Decoding Pneumonia’s Defenses
An in-depth genetic analysis of closely related strains of streptococcus pneumoniae, the bacterium that causes pneumonia, has revealed how the microbe has continually escaped attempts to defeat it. The findings show that the bug can easily swap chunks of DNA with other strains, allowing it to rapidly evolve defenses against both antibiotics and vaccines. Researchers say the findings will help them design more effective preventive measures and treatments.
“It shows just how astonishingly quickly this bug can reinvent itself,” says William Hanage, associate professor of epidemiology at Harvard and one of the study’s authors. “I think the findings should renew our recognition of exactly how innovative we have to be in finding new ways to combat disease caused by this organism, which is readily capable of throwing off any intervention we direct against it.”
Despite antibiotics and a vaccine, the World Health Organization estimates that pneumonia-causing bacteria, known as pneumococcus, is responsible for about four million deaths per year, mostly among children from poor countries.
Researchers sequenced 240 strains of a drug-resistant form of the microbe, collected between 1984 and 2008 from 22 countries around the globe. The original variant, from which the others descended, is thought to have arisen about 40 years ago in response to the introduction of antibiotics. While researchers had previously compared a handful of genes in these microbes, this study was the first to analyze the entire genome, allowing researchers to re-create its evolutionary tree. The findings are published today in the journal Science.
“I think this is a landmark paper,” says Alexander Tomasz, professor of microbiology at the Rockefeller University. Tomasz contributed some of the DNA used in the study. “It uses the most sophisticated molecular techniques on [strains] collected at various sites over time to trace the evolution of one of the most important human pathogens.”
Microbes can evolve in two ways; via single letter changes to the gene-coding region of DNA, or by swapping large chunks of DNA. The latter mechanism occurs less frequently, but it is capable of producing much larger changes in the organism—including the ability to evade a vaccine.
The new research highlights just how common this swapping is in the pneumococcus bacteria. “We can see multiple occasions where the clone has acquired different elements of resistance, such as to macrolide antibiotics, at different times and in different parts of the world,” says Stephen Bentley, a scientist at the Wellcome Trust Sanger Institute, and the senior author of the study.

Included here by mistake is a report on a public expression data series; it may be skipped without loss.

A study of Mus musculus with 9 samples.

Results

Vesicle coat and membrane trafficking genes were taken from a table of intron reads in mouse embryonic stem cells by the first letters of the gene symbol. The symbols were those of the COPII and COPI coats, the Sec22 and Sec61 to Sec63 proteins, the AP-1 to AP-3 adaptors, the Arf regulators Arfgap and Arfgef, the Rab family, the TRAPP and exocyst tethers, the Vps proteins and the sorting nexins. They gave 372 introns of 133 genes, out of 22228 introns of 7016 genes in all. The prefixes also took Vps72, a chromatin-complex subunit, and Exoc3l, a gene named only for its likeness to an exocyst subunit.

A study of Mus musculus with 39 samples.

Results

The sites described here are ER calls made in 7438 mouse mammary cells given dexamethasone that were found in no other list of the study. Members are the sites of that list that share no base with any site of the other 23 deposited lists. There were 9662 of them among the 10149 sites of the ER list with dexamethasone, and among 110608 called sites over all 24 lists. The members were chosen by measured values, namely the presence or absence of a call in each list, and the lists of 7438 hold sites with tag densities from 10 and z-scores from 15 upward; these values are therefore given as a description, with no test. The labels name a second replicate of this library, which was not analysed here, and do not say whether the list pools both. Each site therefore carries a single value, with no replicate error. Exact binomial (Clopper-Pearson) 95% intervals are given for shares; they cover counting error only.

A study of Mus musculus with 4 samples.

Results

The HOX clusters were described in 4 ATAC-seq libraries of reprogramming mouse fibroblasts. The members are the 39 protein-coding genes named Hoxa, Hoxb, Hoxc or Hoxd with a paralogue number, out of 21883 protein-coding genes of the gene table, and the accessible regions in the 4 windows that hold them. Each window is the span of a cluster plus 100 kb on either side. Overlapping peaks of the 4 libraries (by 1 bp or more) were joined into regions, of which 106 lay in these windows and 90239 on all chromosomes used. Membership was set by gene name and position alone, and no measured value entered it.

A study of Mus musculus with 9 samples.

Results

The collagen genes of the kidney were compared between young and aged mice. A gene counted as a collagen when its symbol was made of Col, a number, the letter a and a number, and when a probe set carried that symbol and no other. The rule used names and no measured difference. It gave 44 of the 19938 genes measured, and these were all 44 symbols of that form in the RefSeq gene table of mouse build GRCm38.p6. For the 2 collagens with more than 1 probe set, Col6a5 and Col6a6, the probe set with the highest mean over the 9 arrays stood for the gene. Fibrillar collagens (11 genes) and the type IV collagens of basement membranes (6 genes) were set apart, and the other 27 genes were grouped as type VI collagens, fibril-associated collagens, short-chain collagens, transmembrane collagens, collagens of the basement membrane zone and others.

The researchers found, for example, two variants that had swapped out the portions of their genomes that made them vulnerable to the vaccine. “That kind of convergent evolution in parallel tells us something about how readily these things can pick up the opportunity to escape,” says Hanage. “We’ve known for years that it happens. What we hadn’t realized was just how many times it occurs in individual lineages.” The most recent version of the vaccine has already been updated to include antibodies against these strains.
Bentley says it’s not yet clear where the new chunks of DNA are coming from, though they likely originated in other types of pneumoniae bacteria inhabiting the same niche, namely, the nose.
The research also sheds light on how this population of microbes has evolved in response to the introduction, in 2000, of a vaccine against seven of the most common disease-causing subtypes in the United States. Scientists already knew that those subtypes were virtually eradicated once vaccination became popular, and that others arose to take their place. But it hadn’t been clear whether the new variants were present before 2000 and grew to fill a niche left by those that had been eradicated, or whether they had evolved in response to the vaccine, says Hervé Tettelin, associate professor of microbiology and immunology at the University of Maryland School of Medicine. Scientists now know that the variants most likely existed before 2000.
“If we understand how those things are evolving, we can better decide on future vaccines and antibiotic treatment regimens so that we don’t make matters worse or displace the problem,” says Tettelin.
The newest version of the vaccine targets 13 of the most common subtypes. But given that there are more than 90 varieties of this strain of microbe, the researchers now predict that the microbial population will respond the same way it has responded to the previous vaccine.
Another option is to develop a vaccine that targets a protein shared by all strains, one that is vital to the microbes’ survival. Sequencing studies such as this one could help scientists identify such a protein. “If you sequence hundreds or thousands of genomes, this is when you can start defining the true core genome,” says Tettelin. “Then you can make a decision about what proteins to use in a vaccine.”
The strain under study in this project is just one of many disease-causing varieties of pneumococci. Bentley, Tettelin, and others are now analyzing other strains using a similar approach. Researchers are also using sequencing to look even more closely at the evolution of the bacteria. Bentley plans to analyze samples collected from a refugee camp in Thailand over 15 years. That should give a much higher resolution picture than the one the current project produced. That improved picture will, in turn, help trace how the bugs are transmitted from person to person.